Overpricing is the number one mistake sellers and their brokers make when putting businesses on the market. Even profitable, well-managed businesses can get buried under a bad number.
One of the chief culprits in over-estimating value is what I call “The Tangible Trap.” I find a lot of business owners misunderstand how their tangible assets impact value. Specifically, their equipment and tenant improvements. As a broker, it’s often disheartening to show owners how these tangible assets don’t provide as much bang for the buck as they’d hoped.
Months ago, I was working with a restaurant owner who had not turned a profit in any of his four years of operation. In that period, he had spent roughly $300K in improving and building out the restaurant space, another $100K in expanding his outdoor patio, and roughly $80K over the years in upgrading his kitchen equipment, freezers and fridges. To make matters worse, he had just one year left on a 5-year lease, with no options and a poor working relationship with the landlord.
He shared a common false presumption. He anticipated that potential buyers would see all the dollars that had been spent on the buildout and they’d look past the intrinsic flaws in his operation. In his mind, he'd spent half a million bucks on this restaurant and these investments made his business worth at least $350K or more.
He was gracious and professional when I explained that my opinion of value was nowhere close to what he hoped. But he wasn’t coming down from his lofty price expectations. And he wasn’t going to hire me either.
Small business valuations typically combine the Income, Asset and Market Approaches to reach opinions of value. The most favored method seeks to approximate the value of a business by applying a multiple to the discretionary cash flow. This seller’s discretionary earnings (SDE) figure is multiplied by a factor that considers industry type, market conditions, competition levels and indicators unique within their business categories.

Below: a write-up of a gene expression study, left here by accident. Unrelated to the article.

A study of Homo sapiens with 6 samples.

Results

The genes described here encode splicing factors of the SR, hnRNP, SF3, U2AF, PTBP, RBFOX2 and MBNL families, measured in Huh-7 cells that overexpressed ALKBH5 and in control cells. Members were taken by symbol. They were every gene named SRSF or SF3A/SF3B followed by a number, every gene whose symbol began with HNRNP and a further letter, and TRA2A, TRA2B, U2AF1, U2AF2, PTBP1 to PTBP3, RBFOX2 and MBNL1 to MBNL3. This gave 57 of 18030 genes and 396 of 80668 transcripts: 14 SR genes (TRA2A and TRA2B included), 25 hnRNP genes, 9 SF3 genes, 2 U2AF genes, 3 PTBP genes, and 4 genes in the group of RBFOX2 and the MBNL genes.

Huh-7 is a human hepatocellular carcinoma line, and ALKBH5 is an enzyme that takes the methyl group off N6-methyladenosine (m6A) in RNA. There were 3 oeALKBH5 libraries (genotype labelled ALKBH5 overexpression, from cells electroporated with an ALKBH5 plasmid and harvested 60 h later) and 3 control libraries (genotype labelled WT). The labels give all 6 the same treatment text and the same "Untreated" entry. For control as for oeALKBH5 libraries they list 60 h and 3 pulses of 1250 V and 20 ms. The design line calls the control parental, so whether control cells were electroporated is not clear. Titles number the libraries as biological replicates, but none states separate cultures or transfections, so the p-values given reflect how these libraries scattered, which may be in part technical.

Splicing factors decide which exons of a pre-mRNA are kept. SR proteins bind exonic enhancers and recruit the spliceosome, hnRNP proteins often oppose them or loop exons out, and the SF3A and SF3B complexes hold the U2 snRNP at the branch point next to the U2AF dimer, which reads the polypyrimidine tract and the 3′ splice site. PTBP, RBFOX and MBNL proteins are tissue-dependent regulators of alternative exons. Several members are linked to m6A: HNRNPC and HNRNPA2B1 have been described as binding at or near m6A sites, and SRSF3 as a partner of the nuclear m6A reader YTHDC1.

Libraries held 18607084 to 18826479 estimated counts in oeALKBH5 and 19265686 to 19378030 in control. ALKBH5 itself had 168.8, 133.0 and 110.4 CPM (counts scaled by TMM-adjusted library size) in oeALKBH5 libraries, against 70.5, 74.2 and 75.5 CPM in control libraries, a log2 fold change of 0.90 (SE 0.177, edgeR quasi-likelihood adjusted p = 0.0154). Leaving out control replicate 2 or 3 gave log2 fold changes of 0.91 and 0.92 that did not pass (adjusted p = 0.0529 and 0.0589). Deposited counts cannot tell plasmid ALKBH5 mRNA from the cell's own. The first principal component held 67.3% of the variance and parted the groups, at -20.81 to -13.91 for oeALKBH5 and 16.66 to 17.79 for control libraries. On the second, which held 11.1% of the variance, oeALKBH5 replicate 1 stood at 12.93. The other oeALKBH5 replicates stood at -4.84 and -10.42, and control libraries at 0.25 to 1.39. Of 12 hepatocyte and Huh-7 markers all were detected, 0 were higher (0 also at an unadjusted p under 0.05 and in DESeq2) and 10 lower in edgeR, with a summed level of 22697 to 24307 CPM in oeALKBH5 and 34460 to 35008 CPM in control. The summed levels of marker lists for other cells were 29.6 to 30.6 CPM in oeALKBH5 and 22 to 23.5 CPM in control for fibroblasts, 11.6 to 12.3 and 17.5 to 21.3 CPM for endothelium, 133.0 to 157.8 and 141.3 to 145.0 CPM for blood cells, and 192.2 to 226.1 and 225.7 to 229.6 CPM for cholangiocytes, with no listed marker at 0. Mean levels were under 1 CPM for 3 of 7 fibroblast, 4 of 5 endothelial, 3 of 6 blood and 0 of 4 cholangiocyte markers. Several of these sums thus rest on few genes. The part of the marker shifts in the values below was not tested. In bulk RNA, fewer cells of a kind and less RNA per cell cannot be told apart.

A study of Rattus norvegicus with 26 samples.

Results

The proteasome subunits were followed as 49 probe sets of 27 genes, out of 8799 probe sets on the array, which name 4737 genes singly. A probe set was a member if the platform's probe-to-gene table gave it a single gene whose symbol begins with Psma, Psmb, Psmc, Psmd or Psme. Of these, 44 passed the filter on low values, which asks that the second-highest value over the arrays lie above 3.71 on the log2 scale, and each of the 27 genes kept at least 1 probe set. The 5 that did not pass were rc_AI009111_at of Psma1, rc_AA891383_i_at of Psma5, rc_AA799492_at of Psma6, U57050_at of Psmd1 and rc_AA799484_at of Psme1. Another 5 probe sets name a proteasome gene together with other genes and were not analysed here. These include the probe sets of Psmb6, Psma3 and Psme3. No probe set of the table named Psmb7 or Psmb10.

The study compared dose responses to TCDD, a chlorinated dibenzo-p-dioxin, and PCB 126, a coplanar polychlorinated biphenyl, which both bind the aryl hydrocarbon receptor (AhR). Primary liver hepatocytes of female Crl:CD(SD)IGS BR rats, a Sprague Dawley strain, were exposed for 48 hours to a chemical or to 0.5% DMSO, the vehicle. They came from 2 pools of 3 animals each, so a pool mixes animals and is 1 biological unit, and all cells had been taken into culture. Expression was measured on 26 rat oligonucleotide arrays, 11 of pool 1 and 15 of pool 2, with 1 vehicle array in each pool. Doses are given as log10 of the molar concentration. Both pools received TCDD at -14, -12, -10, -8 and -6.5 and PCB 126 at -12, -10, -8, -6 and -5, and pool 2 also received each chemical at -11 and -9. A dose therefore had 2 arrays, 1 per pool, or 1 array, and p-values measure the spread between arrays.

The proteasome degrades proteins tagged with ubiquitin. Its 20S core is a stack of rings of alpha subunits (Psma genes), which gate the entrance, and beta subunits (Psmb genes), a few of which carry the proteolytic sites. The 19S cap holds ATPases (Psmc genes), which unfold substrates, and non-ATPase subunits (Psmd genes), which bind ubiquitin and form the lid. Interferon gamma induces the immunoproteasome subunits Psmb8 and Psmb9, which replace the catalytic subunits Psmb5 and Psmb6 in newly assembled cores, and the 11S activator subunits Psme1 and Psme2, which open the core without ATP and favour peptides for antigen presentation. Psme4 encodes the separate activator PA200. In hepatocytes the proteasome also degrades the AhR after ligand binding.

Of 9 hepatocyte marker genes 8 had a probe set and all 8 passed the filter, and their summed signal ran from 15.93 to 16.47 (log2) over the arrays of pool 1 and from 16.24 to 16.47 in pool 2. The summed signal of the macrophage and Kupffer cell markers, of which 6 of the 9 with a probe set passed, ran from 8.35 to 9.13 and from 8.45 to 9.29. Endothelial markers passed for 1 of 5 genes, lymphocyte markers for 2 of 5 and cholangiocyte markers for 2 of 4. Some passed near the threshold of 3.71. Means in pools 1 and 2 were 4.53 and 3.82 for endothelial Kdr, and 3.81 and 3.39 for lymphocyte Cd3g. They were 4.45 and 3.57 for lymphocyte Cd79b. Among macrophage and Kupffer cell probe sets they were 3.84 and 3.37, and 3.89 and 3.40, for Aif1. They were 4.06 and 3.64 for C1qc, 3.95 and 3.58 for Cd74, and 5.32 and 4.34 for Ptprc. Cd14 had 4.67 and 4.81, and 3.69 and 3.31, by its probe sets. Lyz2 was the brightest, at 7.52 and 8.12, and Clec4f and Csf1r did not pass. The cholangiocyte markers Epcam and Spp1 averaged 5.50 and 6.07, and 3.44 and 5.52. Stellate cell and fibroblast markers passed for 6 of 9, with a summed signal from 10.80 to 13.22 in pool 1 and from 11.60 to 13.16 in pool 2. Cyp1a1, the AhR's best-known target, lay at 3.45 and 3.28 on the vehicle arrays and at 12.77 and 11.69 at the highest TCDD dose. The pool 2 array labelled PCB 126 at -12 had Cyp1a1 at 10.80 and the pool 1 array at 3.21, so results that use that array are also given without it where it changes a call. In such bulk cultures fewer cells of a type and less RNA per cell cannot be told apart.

Here’s what many owners struggle to understand. When they are told their business could net a sale price of 2.5x net earnings, they often want to add the cost of their tenant improvements and tangible assets on top of that calculation. Or they believe their tangible assets are far superior and more valuable.
But your equipment and TI’s are generally “baked into” that multiplier already. Say you had a liquor store and a textile manufacturer who showed the same gross revenues, same net income and had identical balance sheets. An appraiser would still use a far higher multiplier for the manufacturer than the liquor store. It would not be uncommon for the liquor store to be valued at less than 2x SDE (inventory aside) while the manufacturer is valued at 4x SDE. Why?
The difference in multipliers is grounded in many value factors - the assignment of risk, strength of industry, lender favorability, workforce expertise, depreciation timeframes, equity investment desirability, plus many other longstanding conditions. A huge part of the multiplier disparity involves the typical forms of equipment and tenant improvements involved in particular industries. That’s why the multipliers are sometimes arbitrary, but still often accurate, yardsticks for estimating what a buyer may pay.
My restaurant owner made the mistake in believing he could simply add $250K-$300K as a raw figure representing the fair market value of his equipment and TI’s, to offset his negative cash flow and reach a favorable value conclusion. He never put his restaurant on the market. He wound up getting a considerable amount of money in an asset sale of his equipment, furniture and other tangibles, plus a separate sale price for his recipes.
Every business has its own unique value drivers. Highly-improved businesses will indeed net higher prices than modestly-equipped companies, all else equal. Putting numbers to your tangible assets can be tricky, so I’d certainly recommend professional input. Just don’t be surprised if that expert tells you that a sizable chunk of your tangible asset investment is not recoverable.